Virtually all of the fuel requirements of the Coyote, Heskett and Lewis & Clark stations are met with coal supplied by units of Westmoreland Coal (NasdaqGM:WLB) under contracts that expire in May 2016, April 2016 and December 2012, respectively, said MDU Resources (NYSE:MDU) in its Feb. 24 annual Form 10-K report.
MDU Resources is the parent of Montana-Dakota Utilities, which, through its electric and natural gas distribution segments, generates, transmits and distributes electricity and distributes natural gas in Montana, North Dakota, South Dakota and Wyoming.
The Coyote agreement with Westmoreland provides for the purchase of coal to supply the coal requirements of the plant or 30,000 tons per week, whichever may be the greater quantity. The Lewis & Clark and existing Heskett coal supply agreements provide for the purchase of coal necessary to supply the requirements of these stations. Montana-Dakota estimates the Heskett and Lewis & Clark coal requirement to be in the range of 450,000 to 550,000 tons and 250,000 to 350,000 tons per contract year, respectively.
Montana-Dakota has a coal supply agreement, which meets the majority of the Big Stone plant’s fuel requirements, for the purchase of 1.5 million tons of coal in 2012 with Peabody COALSALES LLC, the Form 10-K noted. U.S. Energy Information Administration data shows coal deliveries in December 2011 to Big Stone, which is located in South Dakota, from Peabody Energy‘s (NYSE:BTU) Rawhide mine in the Wyoming end of the Powder River Basin.
Montana-Dakota also has a coal supply agreement with Wyodak Resources Development that provides for the purchase of coal necessary to supply the coal requirements of Wygen III through June 1, 2060. Montana-Dakota estimates the maximum annual coal consumption of the facility to be 585,000 tons. Wygen III is a minemouth facility located at the Wyodak mine in the Wyoming PRB.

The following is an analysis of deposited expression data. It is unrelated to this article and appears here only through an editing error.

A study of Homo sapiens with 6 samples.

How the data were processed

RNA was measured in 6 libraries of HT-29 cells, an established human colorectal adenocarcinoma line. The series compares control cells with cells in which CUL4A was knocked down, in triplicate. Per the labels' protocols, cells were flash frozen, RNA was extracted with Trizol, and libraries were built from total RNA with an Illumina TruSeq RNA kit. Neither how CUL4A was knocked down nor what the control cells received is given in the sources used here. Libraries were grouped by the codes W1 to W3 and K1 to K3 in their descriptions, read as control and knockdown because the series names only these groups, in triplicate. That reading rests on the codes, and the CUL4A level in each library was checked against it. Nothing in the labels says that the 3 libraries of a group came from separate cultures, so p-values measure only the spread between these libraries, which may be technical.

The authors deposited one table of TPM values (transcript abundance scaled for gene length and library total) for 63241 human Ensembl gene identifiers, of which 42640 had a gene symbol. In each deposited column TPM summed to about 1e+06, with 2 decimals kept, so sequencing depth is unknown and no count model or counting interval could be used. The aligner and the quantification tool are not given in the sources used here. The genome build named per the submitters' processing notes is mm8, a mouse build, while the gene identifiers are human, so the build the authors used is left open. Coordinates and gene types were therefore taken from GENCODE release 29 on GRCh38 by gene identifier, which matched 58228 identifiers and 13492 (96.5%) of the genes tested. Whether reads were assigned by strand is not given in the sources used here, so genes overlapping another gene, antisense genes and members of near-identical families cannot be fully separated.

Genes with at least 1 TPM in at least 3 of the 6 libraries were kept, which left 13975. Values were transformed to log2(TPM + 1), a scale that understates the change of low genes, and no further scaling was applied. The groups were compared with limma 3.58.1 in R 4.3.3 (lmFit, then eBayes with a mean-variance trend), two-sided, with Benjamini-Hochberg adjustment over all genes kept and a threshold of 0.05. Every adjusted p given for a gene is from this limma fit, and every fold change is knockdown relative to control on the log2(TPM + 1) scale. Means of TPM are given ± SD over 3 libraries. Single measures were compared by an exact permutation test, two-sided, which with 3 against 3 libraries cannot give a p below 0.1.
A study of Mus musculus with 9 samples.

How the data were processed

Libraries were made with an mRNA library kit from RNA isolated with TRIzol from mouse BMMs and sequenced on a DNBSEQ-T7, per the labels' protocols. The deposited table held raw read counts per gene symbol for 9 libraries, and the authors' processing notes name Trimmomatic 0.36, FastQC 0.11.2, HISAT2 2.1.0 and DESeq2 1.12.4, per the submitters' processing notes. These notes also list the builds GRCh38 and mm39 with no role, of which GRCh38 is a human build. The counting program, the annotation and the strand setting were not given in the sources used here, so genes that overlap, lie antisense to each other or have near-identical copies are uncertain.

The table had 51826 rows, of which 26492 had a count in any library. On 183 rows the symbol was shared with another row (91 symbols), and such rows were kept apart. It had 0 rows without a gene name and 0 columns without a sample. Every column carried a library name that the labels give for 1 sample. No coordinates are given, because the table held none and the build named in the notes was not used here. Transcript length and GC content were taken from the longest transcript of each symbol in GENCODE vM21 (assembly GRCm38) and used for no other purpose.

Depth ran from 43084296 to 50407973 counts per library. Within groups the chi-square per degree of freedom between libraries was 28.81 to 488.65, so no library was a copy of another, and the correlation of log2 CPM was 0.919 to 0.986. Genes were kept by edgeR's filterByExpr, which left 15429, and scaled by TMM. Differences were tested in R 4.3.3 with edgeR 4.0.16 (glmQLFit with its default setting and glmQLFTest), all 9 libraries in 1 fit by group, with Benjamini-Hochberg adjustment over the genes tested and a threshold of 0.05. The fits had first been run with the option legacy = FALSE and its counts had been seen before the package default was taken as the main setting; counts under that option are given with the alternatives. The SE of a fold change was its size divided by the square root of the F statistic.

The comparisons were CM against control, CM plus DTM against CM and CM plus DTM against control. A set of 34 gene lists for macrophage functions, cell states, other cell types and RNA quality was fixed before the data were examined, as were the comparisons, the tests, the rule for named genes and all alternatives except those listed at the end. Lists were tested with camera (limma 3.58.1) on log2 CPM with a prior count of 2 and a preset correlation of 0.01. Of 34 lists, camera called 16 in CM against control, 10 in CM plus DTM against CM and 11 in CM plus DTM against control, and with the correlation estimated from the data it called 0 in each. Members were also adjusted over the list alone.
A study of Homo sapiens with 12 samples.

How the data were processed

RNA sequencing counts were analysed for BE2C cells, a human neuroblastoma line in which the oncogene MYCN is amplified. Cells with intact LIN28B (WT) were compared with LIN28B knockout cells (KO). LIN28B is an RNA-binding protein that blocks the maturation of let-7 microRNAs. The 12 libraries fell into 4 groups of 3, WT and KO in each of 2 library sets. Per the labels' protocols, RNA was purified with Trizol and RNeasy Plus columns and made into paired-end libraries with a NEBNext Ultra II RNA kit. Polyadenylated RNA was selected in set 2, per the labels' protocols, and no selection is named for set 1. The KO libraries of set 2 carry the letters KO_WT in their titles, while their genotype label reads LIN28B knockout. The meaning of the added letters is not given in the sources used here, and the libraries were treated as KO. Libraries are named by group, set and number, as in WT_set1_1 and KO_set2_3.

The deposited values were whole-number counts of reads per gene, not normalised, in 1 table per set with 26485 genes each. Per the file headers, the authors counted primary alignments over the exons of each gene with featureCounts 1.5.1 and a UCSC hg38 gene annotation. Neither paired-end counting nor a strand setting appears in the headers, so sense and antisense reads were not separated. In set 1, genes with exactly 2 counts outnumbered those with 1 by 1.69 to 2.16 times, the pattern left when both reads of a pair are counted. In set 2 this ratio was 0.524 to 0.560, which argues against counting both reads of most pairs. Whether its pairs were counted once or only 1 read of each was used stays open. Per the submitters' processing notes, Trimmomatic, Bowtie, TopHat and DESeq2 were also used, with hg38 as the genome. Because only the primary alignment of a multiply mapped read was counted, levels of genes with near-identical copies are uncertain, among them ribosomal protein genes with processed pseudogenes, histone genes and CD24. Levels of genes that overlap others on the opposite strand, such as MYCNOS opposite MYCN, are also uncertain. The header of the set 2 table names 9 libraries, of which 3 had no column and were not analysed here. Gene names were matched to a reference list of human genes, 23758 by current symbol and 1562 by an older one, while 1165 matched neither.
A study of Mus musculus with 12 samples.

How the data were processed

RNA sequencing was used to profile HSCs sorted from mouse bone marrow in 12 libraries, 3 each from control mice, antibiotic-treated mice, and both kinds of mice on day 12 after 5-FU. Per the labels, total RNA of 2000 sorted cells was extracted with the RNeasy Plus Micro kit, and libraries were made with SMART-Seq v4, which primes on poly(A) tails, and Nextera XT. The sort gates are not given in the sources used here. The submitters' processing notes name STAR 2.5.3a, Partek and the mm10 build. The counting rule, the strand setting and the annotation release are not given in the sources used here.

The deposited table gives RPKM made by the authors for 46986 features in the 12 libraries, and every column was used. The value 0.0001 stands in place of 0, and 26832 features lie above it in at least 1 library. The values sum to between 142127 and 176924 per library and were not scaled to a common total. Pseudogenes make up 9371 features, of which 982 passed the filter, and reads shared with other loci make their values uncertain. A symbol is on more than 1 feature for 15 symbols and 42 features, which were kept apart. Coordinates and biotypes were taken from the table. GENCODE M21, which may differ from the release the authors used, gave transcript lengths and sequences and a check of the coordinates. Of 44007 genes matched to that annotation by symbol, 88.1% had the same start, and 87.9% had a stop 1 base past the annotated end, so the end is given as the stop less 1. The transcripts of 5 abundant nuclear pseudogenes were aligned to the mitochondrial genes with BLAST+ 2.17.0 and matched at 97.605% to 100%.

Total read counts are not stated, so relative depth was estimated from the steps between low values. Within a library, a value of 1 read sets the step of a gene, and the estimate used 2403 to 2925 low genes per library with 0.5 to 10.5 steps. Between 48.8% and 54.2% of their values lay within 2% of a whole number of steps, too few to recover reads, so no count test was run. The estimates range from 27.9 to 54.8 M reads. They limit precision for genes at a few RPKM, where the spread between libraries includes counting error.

The average cost of coal purchased, including freight, at Montana-Dakota’s electric generating stations (including Big Stone, Coyote and Wygen III) was $1.62/MMBtu ($23.38/ton) in 2011, up from $1.55/mmBtu ($22.60/ton) in 2010 and $1.52/MMBtu ($22.05/ton)in 2009.
The Westmoreland website shows that Dakota Westmoreland’s Beulah mine in North Dakota supplies the fuel requirements for the adjacent, 427-MW Coyote plant. Dakota Westmoreland also owns and controls a four-mile rail spur that connects the mine and plant to the BNSF Railway’s Stanton line, which it uses to supply the two-unit, 75-MW Heskett plant, located 74 miles away. The Beulah mine produces around 2.9 million tons of lignite annually.
Westmoreland Savage‘s Savage mine is located on the Montana-North Dakota border and has a full-requirements contract with the 57-MW Lewis & Clark plant, the Westmoreland website said. The mine also has a longstanding annual supply relationship with a sugar beet refinery near Sidney, Mont. Savage produces approximately 350,000 tons of lignite annually.
Montana-Dakota plans emissions spend at Big Stone
Montana-Dakota incurred $3.6m of environmental capital expenditures in 2011. Capital expenditures are estimated to be $15.3m, $47.8m and $90m in 2012, 2013 and 2014, respectively, to maintain environmental compliance as new emission controls are required, including the installation of a Best Available Retrofit Technology (BART) air quality control system at Big Stone. Additional expenditures for this BART project are expected during 2015 and 2016 of about $40m. Projects for 2012 through 2014 will also include SO2, NOx and mercury and non-mercury metals control equipment installation at various electric generating stations.
The South Dakota Board of Minerals and Environment has approved rules implementing the South Dakota Regional Haze Program that upon approval by the U.S. Environmental Protection Agency will require the Big Stone plant to install and operate a BART air quality control system to reduce emissions of particulate matter, SO2 and NOx as early as practicable, but not later than five years after EPA’s approval of the state program. The state program was submitted to EPA in January 2011.
Montana-Dakota’s share of the cost of this air quality control system is estimated at $125m. In May 2011, Montana-Dakota filed for an advance determination of prudence with the North Dakota Public Service Commission requesting advance determination that the air quality control system is reasonable and prudent. That application will be up for discussion at the commission’s March 26 work session.